I have rarely been as impressed with a country’s landscape as I was when I travelled through Bolivia. From the Andes to the Amazon, everywhere you look you can find amazing examples of just why so many people are continuing to travel to Bolivia. Here are 5 hidden gems (or not so hidden) that you can seek out in Bolivia, although I am excluding Lake Titicaca from this list, as I have covered it already from the Peruvian side in another blog.
Cerro Rico is a mountain in the Andes near the Bolivian city of Potosí. Cerro Rico was famous for providing vast quantities of silver for Spain during the period of the New World Spanish Empire. The mountain, which is popularly conceived of as being “made of” silver ore, caused the city of Potosí to become one of the largest cities in the New World up to the beginning of the 18th century.
Valle de la Luna is situated about 10km from downtown La Paz. It consists of an area where erosion has worn away the majority of a mountain, composed primarily of clay rather than rock, leaving tall spires. It is an important site of the famous holiday, Dias de los Muertos (Day of the Dead). The appearance of Valle de la Luna very much reminds me of the national parks of Malaysia and Madagascar.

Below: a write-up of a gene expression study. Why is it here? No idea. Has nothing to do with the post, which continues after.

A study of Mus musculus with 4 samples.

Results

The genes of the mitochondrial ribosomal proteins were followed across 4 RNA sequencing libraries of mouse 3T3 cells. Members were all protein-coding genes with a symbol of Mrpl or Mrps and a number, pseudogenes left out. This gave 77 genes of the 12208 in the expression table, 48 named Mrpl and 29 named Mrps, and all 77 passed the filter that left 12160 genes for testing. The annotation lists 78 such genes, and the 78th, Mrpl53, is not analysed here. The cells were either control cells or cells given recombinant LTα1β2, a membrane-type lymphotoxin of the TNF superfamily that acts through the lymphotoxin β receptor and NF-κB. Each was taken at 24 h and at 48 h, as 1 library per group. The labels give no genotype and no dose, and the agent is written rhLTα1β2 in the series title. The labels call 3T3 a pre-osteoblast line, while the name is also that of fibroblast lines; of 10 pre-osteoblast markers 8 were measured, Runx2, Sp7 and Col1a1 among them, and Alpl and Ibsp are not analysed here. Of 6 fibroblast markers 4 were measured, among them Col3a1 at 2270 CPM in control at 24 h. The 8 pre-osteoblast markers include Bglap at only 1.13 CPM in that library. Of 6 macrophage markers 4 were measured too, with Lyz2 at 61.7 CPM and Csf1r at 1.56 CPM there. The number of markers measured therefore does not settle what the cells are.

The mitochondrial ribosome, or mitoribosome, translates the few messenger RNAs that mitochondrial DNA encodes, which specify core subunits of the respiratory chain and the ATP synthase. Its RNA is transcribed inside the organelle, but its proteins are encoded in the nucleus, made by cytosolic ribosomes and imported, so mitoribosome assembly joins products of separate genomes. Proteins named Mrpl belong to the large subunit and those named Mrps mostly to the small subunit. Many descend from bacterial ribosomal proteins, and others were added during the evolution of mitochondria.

Salar de Uyuni is the world’s largest salt flat and is located near the crest of the Andes and is at an elevation of 12,000ft above sea level. It was formed as a result of transformations between several prehistoric lakes. The large area, clear skies, and exceptional flatness of the surface makes Salar de Uyuni an ideal object for calibrating the altimeters of Earth observation satellites. Salar de Uyuni also serves as the major transport route across the Bolivian Altiplano and is a major breeding ground for several species of flamingos.
Tiwanaku is a very popular ruin site and may have been inhabited as early as 1500 BC as a small agricultural village. During the time period between 300 BC and AD 300, Tiwanaku is thought to have been a moral and cosmological centre for the Tiwanaku empire, and one to which many people made pilgrimages.
Madidi National Park ranges from the glacier-covered peaks of the high Andes Mountains to the tropical rainforests of the Tuichi River, and is recognised as one of the planet’s most biologically diverse regions. If you can find your way here, there are plenty of cheap eco-lodges to rent, and it gives you the chance to say “I slept in the Amazon!”.